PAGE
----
The first indication of trouble deep in the Pike River coal mine on New Zealand's rugged South Island came today when electricity was cut off in the mine. An electrician went down to investigate and found a loader driver about a mile down a mine shaft who'd been blown off his machine by the force of an explosion, TV New Zealand reported.
So far there's been no word from the other miners, and it's unclear whether they're trapped or if they've sought shelter somewhere deep underground, the Pike River Coal Co.'s CEO, Peter Whittall, told Bloomberg News.
"We haven't given up hope, but it's a serious situation," said Tony Kokshoorn, a local mayor. "Rescue crews are working, they are up here, doing everything they can. It's a waiting game making sure the mine is safe to go down."
The trapped miners could be as far as two miles inside the mine.
The power outage knocked out all of the mine's ventilation fans, sparking fears that toxic gases could be building up inside passageways where the miners are trapped. Crews are working to restore power to the fans, but until they succeed, it's too dangerous for rescuers to enter the mine. Emergency crews are gearing up for a rescue bid that likely won't begin until Saturday.
"They're itching to get in there and start looking for other people and a bit frustrated at having to stand and wait," police spokeswoman Barbara Dunn told the New Zealand Herald.
Relatives of the missing miners are gathering near the opening of the mine shaft, amassing a vigil reminiscent of "Camp Hope" in Chile's Atacama Desert, where relatives gathered for months near where 33 Chilean miners were trapped after a similar explosion. The Chilean miners were stuck underground for a record 69 days, emerging in a miraculous rescue last month that captivated the globe and drew new scrutiny to mine safety worldwide.
Unlike the Chilean mine, the Pine River coal mine's tunnels run horizontally into the side of a mountain rather than vertically down into the earth. So even though the trapped men are nearly two miles inside the mine, they're probably only 120 yards below the surface, Whittall told the paper.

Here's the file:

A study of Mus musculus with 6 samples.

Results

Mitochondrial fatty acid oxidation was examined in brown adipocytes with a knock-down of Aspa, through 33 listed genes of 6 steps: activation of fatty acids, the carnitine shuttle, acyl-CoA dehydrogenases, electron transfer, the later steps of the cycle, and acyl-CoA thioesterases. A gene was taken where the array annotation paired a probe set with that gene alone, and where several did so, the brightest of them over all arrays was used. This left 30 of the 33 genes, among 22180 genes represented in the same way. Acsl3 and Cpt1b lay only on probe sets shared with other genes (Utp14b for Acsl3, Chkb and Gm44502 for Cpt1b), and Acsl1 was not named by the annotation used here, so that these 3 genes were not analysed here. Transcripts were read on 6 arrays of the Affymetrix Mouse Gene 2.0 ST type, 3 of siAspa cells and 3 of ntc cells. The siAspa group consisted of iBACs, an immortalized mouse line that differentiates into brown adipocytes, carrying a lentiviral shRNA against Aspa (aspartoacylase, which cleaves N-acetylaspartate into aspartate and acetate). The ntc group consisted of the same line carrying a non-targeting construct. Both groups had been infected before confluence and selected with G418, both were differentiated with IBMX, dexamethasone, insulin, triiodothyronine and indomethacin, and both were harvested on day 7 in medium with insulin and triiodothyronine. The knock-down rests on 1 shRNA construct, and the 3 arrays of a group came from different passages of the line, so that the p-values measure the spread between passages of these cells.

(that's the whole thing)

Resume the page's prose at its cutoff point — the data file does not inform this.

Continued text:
"Every worker carried a safety rescue device at all times, including a breathing apparatus with oxygen," he said.
The key to the miners' survival will be their ability to find some kind of same haven within the mine, Mark Radomsky, director of miner training at Penn State University, told CNN.
"They need to isolate themselves and get to an area where they're not breathing toxic fumes," Radomsky said. "That's their biggest challenge right now."
Each miner carries a safety device, including a breathing apparatus with oxygen.
Still, the presence of toxic gases makes the New Zealand mine much more dangerous than the Chilean gold mine.
"This is a coal mine in New Zealand, so the hazards are greater," Radomsky said.
It's still unclear what caused the explosion, which left a smoke cloud hanging over the mine's entrance shaft. Trees in the surrounding area were charred, and a small surveillance hut was blown off a nearby hill.
The Pike River Coal Co. is 30 percent owned by New Zealand Oil and Gas Ltd., with two Indian companies -- Gujarat NRE and Saurashtra Fuels -- as substantial minority shareholders, according to Reuters.
The mine began operating only last year, and there were no indications of "heightened risk" before today's accident, Andrew Little, the national secretary of New Zealand's Engineering, Printing & Manufacturing Union, which represents some of the mine's workers, told Bloomberg.
"It's a reasonably new mine, and it's only been in production for a year or so," he said. "They delayed production because they weren't satisfied that the ventilation system was right, so they've been pretty careful about that."
The last major coal-mining disaster in New Zealand was in 1967, when 19 miners died in a blast at another mine in the same part of the country.
"This is going to be a very slow recovery," Kokshoorn said, according to The New Zealand Herald.